1969 FOOTBALL INDUCTEE
Dale Messer inherited some of his drive to excel from his father, but most of his early sports instruction came from then Island Elementary School principal Marion Jones. Messer became a famous track and football star at Lemoore High School, College of the Sequoias, and Fresno State, through the teaching and inspiration of Jones. The young principal had a wooden leg but few at Island Elementary knew it. Jones had lost his leg to a hay mower at a young age “Mr. Jones-a native of Iowa-was a good athlete,” Messer said. “He could hit, run, and play shortstop like anyone else. He played softball and basketball with us at the elementary level. He had a little limp and his ankle wouldn’t move, but we never noticed that.”
When Messer reached the seventh grade, Jones realized he had a special athlete because of his speed. Jones went to Lemoore track coach Tuffy Burton and got five broken hurdles. Messer’s father and Jones repaired the hurdles and Messer took his first step toward winning the state high hurdles championship in his senior year at Lemoore High.
Messer ran the high and low hurdles, long jumped, and ran on the relay teams at Lemoore. He also played baseball in his junior year and he said that’s a story in itself. “I would work out in track during my free period and then play baseball at the end of the day,” Messer said. “I really enjoyed baseball. I played center field and hit .500 that one year. Then during the state track finals that year, I was leading in the high hurdles, hit the last two hurdles, and finished fifth. That really upset me and I made up my mind no more baseball. I was just going to concentrate on track and it paid off because I won the state highs at Chico. I should have won the 180-yard lows in the Los Angeles Coliseum in my junior year. I was leading over the last hurdle, but Willie White of Centennial High in Los Angeles caught me in the final twenty yards.” Messer regrets giving up baseball because he enjoyed it so much and had the feeling he could have gone further in that sport professionally than football. Messer’s speed also made him a highly recruited football running back.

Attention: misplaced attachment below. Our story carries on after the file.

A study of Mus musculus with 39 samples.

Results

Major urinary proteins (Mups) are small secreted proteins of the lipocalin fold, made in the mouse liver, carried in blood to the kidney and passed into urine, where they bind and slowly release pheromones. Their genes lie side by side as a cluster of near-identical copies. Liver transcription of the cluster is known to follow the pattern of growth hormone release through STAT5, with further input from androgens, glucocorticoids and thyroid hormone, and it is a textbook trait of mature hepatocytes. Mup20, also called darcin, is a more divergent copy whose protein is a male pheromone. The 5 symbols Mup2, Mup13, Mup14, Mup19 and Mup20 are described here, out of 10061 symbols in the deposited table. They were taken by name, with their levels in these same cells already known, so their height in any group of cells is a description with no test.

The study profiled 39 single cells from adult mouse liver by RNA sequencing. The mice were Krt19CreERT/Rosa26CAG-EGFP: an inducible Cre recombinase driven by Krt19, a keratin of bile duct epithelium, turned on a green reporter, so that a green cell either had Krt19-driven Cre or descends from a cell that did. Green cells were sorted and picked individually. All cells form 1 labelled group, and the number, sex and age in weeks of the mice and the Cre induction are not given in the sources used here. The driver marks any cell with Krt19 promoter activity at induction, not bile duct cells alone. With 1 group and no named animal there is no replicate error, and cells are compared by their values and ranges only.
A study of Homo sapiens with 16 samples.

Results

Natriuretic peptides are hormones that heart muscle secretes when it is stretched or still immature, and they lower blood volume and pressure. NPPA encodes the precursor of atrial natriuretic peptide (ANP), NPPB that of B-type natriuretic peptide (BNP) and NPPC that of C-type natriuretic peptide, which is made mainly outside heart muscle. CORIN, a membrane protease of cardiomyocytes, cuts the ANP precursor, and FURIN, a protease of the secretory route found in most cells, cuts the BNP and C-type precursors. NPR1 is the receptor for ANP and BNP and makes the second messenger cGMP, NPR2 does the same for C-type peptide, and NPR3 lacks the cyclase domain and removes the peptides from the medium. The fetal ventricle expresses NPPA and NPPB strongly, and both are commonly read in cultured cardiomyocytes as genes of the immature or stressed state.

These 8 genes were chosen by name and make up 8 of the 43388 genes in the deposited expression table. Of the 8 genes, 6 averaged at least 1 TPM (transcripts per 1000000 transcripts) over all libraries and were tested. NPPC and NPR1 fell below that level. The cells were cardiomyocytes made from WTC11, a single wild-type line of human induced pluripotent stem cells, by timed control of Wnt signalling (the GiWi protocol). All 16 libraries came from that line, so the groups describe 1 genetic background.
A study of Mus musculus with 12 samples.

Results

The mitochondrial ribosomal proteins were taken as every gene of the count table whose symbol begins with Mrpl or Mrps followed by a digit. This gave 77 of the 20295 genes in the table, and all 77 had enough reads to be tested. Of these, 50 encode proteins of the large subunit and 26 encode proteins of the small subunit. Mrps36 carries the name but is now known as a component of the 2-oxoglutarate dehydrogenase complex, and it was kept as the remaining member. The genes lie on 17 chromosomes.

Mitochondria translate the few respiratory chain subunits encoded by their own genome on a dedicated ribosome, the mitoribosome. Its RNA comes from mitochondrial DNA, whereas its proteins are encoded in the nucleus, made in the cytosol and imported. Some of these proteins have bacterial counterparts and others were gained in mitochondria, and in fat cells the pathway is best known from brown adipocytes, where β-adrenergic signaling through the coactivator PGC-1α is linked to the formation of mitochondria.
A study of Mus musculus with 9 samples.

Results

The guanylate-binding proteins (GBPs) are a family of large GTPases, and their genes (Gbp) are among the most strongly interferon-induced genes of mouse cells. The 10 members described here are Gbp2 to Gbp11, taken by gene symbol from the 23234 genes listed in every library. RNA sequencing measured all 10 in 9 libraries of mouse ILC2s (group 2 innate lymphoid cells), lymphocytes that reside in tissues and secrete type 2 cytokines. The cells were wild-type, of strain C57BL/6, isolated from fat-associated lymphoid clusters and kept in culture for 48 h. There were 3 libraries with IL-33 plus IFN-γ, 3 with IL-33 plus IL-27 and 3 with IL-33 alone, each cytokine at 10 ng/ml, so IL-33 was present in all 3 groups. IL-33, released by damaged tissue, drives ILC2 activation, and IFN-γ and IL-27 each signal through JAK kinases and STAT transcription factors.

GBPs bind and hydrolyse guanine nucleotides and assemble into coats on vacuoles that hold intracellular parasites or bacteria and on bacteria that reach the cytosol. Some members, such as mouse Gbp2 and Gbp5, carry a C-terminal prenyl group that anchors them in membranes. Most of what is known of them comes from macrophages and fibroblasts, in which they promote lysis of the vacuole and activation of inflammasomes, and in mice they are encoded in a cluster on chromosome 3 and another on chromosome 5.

University of California was Messer’s first choice, but the idea of going to Fresno State, staying closer to home, and being able to play three years won out. “I was married by then and had a summer job in Fresno, but the fact I could play three years after two was the deciding point.” Messer said. “Wayne Crow and I played in the high school All-Star football game together and he tried to get me to go to Cal.” Football was a different story. Playing three seasons, one under Clark Van Galder and two with Cecil Coleman, Messer set several career, single season, and single game scoring, rushing, and total yards records. He was also an excellent pass receiver, kick-off returner, and defensive back. He led the team in scoring and rushing all three years. He was named the FSC Athlete of the year in 1960. His #21 jersey was retired to honor him. In his senior year, Messer scored twice on runs and twice on pass receptions, all in the first half of a 66-0 blowout against San Diego State. He stayed on the bench in the second half.
p This was the day when the Cal Poly football team crashed on takeoff at the Toledo Airport, killing seventeen people and injuring twenty. That tragedy spawned the Mercy Bowl in the Los Angeles Coliseum in 1961, resulting in a historic Fresno State victory against heavily-favored Bowling Green in a 36-6 romp. Proceeds went to Cal Poly’s victims’ families. Messer had a three-year rushing average of 5.8 yards per carry with twenty-five touchdowns. He scored thirty-five total touchdowns and added twenty points after kicks. His versatility is mirrored in his 3,856 all-purpose yards with 1,912 rushing, 992 receiving, 569 kickoff returns, 297 punt returns and eighty-seven yards on interceptions. When Messer to played his final away game as a Bulldog in muddy Spartan Stadium in November 1960, he was a one-man gang. Veteran San Francisco Examiner sports writer Bob Brachman wrote that, “Dale Messer did everything, but pump up the football.”Messer stated, “I scored, intercepted a pass, and quick kicked.